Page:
Far from slighting Australia ahead of next month's two-leg World Cup qualifying playoff against the Socceroos, the San Pedro Sula-based newspaper has gone to great lengths to paint an ideal picture of this part of the world.
"Such is the incredible life in Australia, the country with one of the best salaries in the world," the headline to an 18-picture photo essay gushed.
"Australia offers one of the highest standards of living in the world. Life in Australia is safe, friendly and sophisticated and attracts thousands of professionals from all over the world."
The Hondurans were apparently mulling over whether to come to Australia via South America or the United States for the second leg and according to Diez its federation was preparing to spend more than $A500,000 for the trip.
Diez's second photo gallery was equally as effusive, if mired somewhere in the 1980s: "Australia, the country that seduces everyone with the spectacular beauty of its women."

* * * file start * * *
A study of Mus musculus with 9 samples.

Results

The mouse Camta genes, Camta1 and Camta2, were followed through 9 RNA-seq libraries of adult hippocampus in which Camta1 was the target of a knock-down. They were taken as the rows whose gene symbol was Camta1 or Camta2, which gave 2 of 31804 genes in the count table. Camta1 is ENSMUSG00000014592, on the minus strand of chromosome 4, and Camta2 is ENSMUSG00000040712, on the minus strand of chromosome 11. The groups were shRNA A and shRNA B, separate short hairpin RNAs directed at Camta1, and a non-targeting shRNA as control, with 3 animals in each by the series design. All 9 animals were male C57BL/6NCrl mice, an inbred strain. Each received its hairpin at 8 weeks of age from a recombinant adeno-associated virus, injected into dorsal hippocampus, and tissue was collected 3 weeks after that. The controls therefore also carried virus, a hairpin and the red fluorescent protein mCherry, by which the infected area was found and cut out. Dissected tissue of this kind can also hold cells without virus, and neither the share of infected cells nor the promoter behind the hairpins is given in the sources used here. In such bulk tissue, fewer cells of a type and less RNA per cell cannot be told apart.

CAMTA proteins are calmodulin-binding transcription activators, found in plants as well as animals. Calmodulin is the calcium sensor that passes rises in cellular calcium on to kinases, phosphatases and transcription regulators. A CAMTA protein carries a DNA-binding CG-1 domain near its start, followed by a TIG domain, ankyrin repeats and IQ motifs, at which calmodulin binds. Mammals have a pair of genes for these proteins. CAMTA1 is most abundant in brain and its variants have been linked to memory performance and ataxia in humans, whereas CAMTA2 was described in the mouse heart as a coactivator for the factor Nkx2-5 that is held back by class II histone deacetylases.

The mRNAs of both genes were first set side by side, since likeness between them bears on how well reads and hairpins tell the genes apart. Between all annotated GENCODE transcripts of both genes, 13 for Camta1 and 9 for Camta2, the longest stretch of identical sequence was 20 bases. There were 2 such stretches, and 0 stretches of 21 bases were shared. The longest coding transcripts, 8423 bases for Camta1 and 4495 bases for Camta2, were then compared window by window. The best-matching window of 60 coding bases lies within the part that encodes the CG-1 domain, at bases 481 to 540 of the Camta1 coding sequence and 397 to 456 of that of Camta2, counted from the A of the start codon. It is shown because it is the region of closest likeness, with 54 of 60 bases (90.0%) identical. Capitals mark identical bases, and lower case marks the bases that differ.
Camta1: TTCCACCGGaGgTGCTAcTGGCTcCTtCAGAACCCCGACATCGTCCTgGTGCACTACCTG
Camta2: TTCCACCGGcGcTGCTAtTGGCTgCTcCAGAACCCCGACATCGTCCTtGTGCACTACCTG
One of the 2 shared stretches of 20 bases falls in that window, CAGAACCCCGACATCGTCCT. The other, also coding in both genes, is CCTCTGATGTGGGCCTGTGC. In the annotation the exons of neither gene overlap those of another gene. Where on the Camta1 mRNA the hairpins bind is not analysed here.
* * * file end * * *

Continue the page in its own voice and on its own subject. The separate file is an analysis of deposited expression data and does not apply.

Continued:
As for the upcoming fixtures, Honduras, like the Socceroos without Mathew Leckie and Mark Milligan, have to deal with two players being unavailable due to the accumulation of yellow cards in qualifiers.
Defender Maynor Figueroa and forward Alberth Elis both received second yellow cards during their 3-2 win over Mexico and will only be available for the second leg in Sydney.
But up to six other players who weren't available for the Mexico match will apparently come into consideration for the Socceroos fixtures including Anderlecht right back Andy Najar and former Wigan midfielder/winger Roger Espinoza.
Unsurprisingly the Hondurans see their best chance as putting a score on Australia in the opening leg to be played in San Pedro Sula.
"We can win by taking advantage of the locality, taking advantage of it here and going to make a good game there," said midfielder and Spanish second division player Bryan Acosta, quoted in national Honduras paper, La Prensa.
And the man the Hondurans apparently most fear? No surprises there either.
"Tim Cahill is the great figure of Australia and the man Honduras must take care of," Diez wrote.